Major GOP donor says he won't fund politicians who oppose assault weapons ban

A major Republican donor in Florida is threatening to cut off funding to politicians who oppose a ban on assault weapons. Florida-based real estate developer Al Hoffman Jr. has raised hundreds of millions of dollars for Republicans. But in the wake of the shooting at Marjory Stoneman Douglas High School in Parkland, Florida, Hoffman sent an email to other GOP donors, urging them to support a ban on assault weapons.

When Hoffman first heard about the school shooting, he said he was "incredulous."

"I couldn't believe it. I felt I had my heart in my hands," Hoffman told CBS News correspondent Jericka Duncan.

That feeling led the 83-year-old Republican donor to stop contributing to his own party candidates unless they change the gun laws.

"I will not write a check for anyone who does not propose a ban on assault style weapons," Hoffman said.

"You were quoted as saying, 'This particular shooting was the end of the road' for you," Duncan said.

"That's right," Hoffman responded.

"Why not a Sandy Hook?" Duncan asked.

"Well, I have been after so many politicians to adopt legislation and always the answer is, 'Well, we're working on it, we're working on it,' and nothing ever changes," Hoffman said.
The original federal assault weapons ban was passed in September 1994 but expired after 10 years. Between May 2003 and June 2008, there were at least 17 attempts to renew or replace the ban but none made it to a vote. An effort to pass a permanent ban after the 2012 Sandy Hook massacre failed to get Senate approval.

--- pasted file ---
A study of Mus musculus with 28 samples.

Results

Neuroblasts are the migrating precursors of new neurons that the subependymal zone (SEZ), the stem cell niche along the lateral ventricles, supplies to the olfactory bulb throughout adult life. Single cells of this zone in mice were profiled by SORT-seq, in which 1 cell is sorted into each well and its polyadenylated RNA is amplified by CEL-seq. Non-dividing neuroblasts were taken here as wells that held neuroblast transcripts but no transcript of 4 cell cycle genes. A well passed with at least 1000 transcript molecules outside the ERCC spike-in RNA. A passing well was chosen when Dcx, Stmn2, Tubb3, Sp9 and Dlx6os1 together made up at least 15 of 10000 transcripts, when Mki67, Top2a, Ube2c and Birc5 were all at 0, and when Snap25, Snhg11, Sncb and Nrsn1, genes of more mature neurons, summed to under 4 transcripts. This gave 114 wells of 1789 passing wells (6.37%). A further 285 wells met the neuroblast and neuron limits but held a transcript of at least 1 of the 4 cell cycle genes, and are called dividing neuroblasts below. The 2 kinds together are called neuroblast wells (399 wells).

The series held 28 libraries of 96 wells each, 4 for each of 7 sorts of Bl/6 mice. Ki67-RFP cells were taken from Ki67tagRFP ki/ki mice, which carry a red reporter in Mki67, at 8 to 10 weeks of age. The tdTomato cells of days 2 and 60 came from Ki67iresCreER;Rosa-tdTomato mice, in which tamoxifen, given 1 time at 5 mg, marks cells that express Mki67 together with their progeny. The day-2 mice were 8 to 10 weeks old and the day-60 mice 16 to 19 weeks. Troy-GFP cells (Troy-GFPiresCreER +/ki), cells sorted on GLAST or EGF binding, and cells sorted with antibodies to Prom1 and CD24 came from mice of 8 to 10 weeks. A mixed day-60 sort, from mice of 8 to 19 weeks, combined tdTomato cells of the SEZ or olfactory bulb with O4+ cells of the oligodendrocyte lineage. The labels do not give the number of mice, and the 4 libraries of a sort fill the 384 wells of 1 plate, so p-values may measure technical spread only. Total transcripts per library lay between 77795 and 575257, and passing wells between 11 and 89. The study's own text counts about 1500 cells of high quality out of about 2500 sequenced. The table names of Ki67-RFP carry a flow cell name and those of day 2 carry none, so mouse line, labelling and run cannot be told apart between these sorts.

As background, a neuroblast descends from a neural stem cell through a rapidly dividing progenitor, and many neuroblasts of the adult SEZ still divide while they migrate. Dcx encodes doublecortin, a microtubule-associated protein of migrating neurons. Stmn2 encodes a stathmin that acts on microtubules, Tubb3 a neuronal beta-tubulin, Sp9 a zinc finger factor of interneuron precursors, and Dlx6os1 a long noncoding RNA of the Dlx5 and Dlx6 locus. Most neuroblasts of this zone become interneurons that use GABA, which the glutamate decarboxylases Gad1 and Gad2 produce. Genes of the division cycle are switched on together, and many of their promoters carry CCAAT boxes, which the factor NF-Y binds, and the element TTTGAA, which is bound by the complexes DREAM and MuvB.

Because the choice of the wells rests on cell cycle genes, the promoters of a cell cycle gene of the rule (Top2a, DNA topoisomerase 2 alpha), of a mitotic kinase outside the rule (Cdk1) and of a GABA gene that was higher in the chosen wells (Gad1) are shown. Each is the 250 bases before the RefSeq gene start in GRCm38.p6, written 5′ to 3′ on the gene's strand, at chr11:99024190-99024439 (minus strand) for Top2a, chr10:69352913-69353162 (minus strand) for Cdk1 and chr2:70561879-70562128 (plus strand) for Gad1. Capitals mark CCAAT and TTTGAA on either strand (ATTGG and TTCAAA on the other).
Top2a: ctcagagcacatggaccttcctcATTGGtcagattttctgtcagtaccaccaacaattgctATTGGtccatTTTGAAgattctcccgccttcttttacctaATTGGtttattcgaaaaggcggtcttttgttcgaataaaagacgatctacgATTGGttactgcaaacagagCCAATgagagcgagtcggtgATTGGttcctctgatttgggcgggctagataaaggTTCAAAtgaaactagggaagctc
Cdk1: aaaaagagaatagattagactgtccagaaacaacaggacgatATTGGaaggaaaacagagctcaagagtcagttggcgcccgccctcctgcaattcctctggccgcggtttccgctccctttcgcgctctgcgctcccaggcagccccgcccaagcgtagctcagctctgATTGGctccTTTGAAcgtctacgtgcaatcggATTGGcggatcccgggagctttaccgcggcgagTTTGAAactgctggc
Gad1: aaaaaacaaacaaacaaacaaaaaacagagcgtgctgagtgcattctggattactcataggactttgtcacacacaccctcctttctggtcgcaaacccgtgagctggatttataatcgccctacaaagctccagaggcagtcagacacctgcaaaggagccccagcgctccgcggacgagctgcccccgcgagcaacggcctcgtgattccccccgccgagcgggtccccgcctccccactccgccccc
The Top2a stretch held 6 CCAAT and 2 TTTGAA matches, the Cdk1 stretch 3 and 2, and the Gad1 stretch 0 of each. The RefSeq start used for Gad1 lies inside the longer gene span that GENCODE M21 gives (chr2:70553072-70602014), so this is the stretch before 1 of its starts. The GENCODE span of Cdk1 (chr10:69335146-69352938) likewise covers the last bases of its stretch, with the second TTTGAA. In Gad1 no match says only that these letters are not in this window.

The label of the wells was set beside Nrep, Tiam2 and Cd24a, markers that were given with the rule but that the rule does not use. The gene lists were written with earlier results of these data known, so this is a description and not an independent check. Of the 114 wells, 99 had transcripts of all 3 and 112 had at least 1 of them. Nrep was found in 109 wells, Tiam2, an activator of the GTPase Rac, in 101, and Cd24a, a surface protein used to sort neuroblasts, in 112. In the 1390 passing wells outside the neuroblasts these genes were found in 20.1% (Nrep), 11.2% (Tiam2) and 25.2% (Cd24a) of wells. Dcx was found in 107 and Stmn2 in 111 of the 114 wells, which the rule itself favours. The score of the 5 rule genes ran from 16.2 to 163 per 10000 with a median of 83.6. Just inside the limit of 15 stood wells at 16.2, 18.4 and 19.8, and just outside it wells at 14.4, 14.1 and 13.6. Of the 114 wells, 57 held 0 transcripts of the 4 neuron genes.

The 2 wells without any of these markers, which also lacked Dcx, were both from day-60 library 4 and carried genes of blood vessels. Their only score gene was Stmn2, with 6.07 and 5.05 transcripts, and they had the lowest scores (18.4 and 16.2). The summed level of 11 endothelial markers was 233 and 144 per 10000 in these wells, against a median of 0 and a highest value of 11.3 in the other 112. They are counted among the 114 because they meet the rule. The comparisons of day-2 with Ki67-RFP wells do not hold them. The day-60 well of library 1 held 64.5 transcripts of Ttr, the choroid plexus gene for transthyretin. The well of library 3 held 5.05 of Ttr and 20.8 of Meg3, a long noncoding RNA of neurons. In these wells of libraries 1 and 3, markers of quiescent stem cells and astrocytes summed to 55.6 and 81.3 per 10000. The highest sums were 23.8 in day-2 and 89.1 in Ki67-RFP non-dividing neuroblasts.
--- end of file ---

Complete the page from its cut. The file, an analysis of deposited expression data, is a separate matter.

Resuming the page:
Last Friday, Hoffman wrote an email to half a dozen GOP donors asking them to follow his lead.

"Would you be willing to write a check to Democrats and Republicans who are in favor of the ban?" Duncan asked.

"I would support a fiscally conservative person who supports the ban, and at this moment in time, I really don't care whether it's a Republican or Democrat," Hoffman said.

He said he's not sure if something will change as a result of the Parkland shooting, but he said, "I hope so."

"It's just a start right now. But I think we need to build the movement," Hoffman said, adding, "Then and time and the Lord willing, we'll be able to accomplish some things."

Hoffman said he also sent an email to Florida Gov. Rick Scott, who is considering a Senate run. Scott didn't comment on the email, but he said last week: "Our entire state is in mourning, and we have to make sure something like this never happens again. The violence must stop. We cannot lose another child in this country because of violence in our schools."